Zoologists and wildlife biologists typically do the following:
Zoologists and wildlife biologists perform a variety of scientific tests and experiments. For example, they take blood samples from animals to assess their levels of nutrition, check animals for disease and parasites, and tag animals in order to track them. Although the roles and abilities of zoologists and wildlife biologists often overlap, zoologists typically conduct scientific investigations and basic research on particular types of animals, such as birds or amphibians, whereas wildlife biologists are more likely to study specific ecosystems or animal populations, such as a particular at-risk species. Wildlife biologists also do applied work, such as that involving the conservation and management of wildlife populations.
Zoologists and wildlife biologists use geographic information systems (GIS), modeling software, and other computer programs to estimate wildlife populations and track the movements of animals. They also use these computer programs to forecast the spread of invasive species or diseases, project changes in the availability of habitat, and assess other potential threats to wildlife.
Zoologists and wildlife biologists conduct research for a variety of purposes. For example, many zoologists and wildlife biologists work to increase our knowledge and understanding of wildlife species. Traditionally, many wildlife biologists researched ways to encourage abundant game animal populations in order to increase recreational hunting and tourism. Today, many also work with public officials in conservation efforts that protect species from threats and help animal populations return to and remain at sustainable levels.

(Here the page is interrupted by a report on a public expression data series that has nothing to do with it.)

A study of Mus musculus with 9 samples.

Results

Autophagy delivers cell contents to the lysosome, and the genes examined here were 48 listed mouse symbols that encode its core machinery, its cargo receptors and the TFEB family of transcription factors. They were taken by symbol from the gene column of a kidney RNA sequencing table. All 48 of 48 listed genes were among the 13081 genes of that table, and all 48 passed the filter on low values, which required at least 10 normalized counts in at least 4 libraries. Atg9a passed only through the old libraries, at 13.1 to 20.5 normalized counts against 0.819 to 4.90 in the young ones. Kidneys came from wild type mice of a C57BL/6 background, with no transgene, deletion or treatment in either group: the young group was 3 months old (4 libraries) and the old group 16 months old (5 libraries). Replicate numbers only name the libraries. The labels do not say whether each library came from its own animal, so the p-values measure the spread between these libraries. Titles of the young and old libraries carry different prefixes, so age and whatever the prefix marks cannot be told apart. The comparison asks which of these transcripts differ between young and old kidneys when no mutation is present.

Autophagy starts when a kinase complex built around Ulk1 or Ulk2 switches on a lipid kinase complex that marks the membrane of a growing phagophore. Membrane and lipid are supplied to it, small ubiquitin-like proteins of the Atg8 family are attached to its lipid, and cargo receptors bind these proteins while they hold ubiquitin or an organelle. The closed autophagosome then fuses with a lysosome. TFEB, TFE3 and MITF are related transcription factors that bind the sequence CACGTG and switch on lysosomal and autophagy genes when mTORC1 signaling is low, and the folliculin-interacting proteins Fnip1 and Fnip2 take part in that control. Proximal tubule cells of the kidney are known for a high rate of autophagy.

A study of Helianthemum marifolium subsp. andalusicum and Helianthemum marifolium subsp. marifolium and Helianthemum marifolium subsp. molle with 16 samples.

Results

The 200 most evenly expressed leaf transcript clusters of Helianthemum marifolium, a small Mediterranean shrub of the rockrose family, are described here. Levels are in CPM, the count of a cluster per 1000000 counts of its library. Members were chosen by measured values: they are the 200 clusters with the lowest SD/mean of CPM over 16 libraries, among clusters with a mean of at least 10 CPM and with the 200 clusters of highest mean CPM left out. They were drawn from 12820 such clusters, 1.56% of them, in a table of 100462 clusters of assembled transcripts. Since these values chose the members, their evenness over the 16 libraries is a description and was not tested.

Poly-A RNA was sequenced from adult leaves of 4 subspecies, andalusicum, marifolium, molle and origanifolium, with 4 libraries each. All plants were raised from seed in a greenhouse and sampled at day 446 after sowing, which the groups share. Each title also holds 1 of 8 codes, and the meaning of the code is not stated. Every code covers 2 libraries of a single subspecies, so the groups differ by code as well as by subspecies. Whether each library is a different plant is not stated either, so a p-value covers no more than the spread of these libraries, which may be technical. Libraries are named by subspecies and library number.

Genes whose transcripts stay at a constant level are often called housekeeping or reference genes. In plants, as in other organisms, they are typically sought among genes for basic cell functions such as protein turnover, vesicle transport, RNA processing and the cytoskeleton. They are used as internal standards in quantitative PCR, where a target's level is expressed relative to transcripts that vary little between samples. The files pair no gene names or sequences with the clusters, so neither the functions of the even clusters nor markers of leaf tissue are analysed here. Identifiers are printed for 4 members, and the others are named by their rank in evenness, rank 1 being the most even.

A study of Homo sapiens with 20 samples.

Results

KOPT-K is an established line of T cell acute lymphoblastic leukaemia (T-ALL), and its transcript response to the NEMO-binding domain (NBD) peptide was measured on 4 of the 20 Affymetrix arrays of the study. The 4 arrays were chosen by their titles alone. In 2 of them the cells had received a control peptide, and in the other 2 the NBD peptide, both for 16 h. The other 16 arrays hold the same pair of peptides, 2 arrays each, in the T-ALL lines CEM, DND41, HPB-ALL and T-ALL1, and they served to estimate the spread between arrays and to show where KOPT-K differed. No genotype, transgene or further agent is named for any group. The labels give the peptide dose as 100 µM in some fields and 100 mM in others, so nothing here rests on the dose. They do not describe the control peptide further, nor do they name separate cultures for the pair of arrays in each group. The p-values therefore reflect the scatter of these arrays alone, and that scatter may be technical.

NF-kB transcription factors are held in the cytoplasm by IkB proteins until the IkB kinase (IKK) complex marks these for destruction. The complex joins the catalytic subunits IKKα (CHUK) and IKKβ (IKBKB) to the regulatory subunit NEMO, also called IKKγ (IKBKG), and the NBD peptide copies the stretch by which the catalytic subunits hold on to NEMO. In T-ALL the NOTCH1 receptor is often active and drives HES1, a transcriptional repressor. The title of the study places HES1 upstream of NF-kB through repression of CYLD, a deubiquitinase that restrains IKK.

Most zoologists and wildlife biologists work on research teams with other scientists and technicians. For example, zoologists and wildlife biologists may work with environmental scientists and hydrologists to monitor water pollution and its effects on fish populations.
Zoologists generally specialize first in either vertebrates or invertebrates and then in specific species. Following are some examples of specialization by species:
Some zoologists and wildlife biologists specialize in studying wildlife according to the type of water or land where the wildlife lives. The following are examples of those who specialize by habitat:
Other zoologists and wildlife biologists are identified by the aspects of zoology and wildlife biology they study, such as evolution and animal behavior. Following are some examples:
Many people with a zoology and wildlife biology background become high school teachers or college or university professors. For more information, see the profiles on high school teachers and postsecondary teachers.